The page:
Ohio Bill Could Expand ATC’s Role in Injury Treatment
According to a report from WCPO.com, House Bill 176 would allow certified athletic trainers the option to enter into a collaborative agreement with a physician or podiatrist to allow the ATC to perform additional services and activities. It received 95 votes in support when brought up in early May.The bill would be the first update in regulating athletic trainers in the state in three decades, The Journal-News reported.
“As we explore ways to stabilize healthcare costs and identify effective pain management techniques, particularly in response to the opioid crisis, expanding access to the expertise provided by athletic trainers will help to keep Ohioans of all ages and abilities healthy and active,” Rep. Rick Carfagna, R-Genoa Township, a co-sponsor of the bill, said to WCPO.com.
Rep. Thomas Hall, R-Madison Township, the other co-sponsor, told WCPO.com that the bill “modernizes the practice act of Ohio’s athletic trainers in order to better reflect the current practice and changes in athletic training education and training.”
Ohio boasts more than 2,300 licensed athletic trainers, and Hall added to WCPO.com that, with the adoption of the bill, the state would be able to “fully utilize athletic trainers and their modern-day skills.”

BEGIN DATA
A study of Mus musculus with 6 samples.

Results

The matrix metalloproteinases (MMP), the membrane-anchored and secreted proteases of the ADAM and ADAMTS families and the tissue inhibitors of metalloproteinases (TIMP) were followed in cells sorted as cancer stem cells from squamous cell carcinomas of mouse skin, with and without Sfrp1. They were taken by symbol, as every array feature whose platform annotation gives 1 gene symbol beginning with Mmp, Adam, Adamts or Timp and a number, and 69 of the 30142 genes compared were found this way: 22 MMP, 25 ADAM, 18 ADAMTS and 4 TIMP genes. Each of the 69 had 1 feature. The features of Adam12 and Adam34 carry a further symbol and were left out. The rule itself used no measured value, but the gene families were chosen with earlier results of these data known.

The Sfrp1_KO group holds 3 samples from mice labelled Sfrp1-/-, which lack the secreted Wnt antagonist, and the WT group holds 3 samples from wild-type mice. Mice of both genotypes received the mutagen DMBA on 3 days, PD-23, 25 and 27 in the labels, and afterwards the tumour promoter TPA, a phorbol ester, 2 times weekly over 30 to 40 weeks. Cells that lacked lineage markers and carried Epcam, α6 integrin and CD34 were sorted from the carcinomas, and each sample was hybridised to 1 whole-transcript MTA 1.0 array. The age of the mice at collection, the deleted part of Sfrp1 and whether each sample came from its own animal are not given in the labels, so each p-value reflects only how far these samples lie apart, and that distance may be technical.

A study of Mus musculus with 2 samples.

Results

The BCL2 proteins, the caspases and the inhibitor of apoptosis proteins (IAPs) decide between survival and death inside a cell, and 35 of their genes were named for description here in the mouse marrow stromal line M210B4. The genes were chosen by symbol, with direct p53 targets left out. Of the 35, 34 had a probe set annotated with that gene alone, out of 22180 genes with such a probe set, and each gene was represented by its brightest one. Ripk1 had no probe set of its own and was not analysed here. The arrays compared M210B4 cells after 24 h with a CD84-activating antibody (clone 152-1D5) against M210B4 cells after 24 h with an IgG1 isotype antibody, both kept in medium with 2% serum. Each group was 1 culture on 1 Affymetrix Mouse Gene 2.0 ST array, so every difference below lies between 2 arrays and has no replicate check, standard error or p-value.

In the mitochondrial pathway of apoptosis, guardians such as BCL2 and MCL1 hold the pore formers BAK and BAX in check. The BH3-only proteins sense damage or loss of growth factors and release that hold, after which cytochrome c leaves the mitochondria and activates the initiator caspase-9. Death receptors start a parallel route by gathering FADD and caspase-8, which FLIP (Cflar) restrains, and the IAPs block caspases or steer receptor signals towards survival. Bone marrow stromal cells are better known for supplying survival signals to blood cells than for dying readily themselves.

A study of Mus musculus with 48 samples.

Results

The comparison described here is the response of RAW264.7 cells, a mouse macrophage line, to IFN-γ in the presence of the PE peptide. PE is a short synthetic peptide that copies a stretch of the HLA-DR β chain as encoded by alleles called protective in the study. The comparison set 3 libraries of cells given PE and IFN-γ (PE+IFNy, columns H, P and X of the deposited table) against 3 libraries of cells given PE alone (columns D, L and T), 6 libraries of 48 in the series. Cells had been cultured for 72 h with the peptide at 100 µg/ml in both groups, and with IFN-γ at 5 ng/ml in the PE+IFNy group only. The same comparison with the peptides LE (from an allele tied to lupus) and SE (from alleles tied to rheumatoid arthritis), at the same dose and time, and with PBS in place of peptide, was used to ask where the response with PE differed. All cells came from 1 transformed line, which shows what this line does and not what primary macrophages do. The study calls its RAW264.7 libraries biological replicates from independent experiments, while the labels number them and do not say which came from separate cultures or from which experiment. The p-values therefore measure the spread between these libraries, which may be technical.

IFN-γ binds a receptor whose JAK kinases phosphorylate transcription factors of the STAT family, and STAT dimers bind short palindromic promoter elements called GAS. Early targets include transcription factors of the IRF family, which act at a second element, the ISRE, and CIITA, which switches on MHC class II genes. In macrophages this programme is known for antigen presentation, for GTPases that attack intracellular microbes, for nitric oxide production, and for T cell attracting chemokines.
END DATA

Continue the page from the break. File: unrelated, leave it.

In addition to broadening the role of ATCs, the bill would adjust governing practices of athletic training, including the allowance of referrals to athletic training from additional practitioners.
“The collaboration agreement between athletic trainers and physicians provides team-based care that is far stronger than any individualized care,” Dr. Benjamin Bring, who is the medical director for the OhioHealth Capital City Half and Quarter Marathon, told WCPO.com. “Our goal is to supplement the care we are providing, and we are not replacing physicians. The medical team in sports medicine is always stronger when athletic trainers are involved.”
To read the full story from WCPO.com, click here.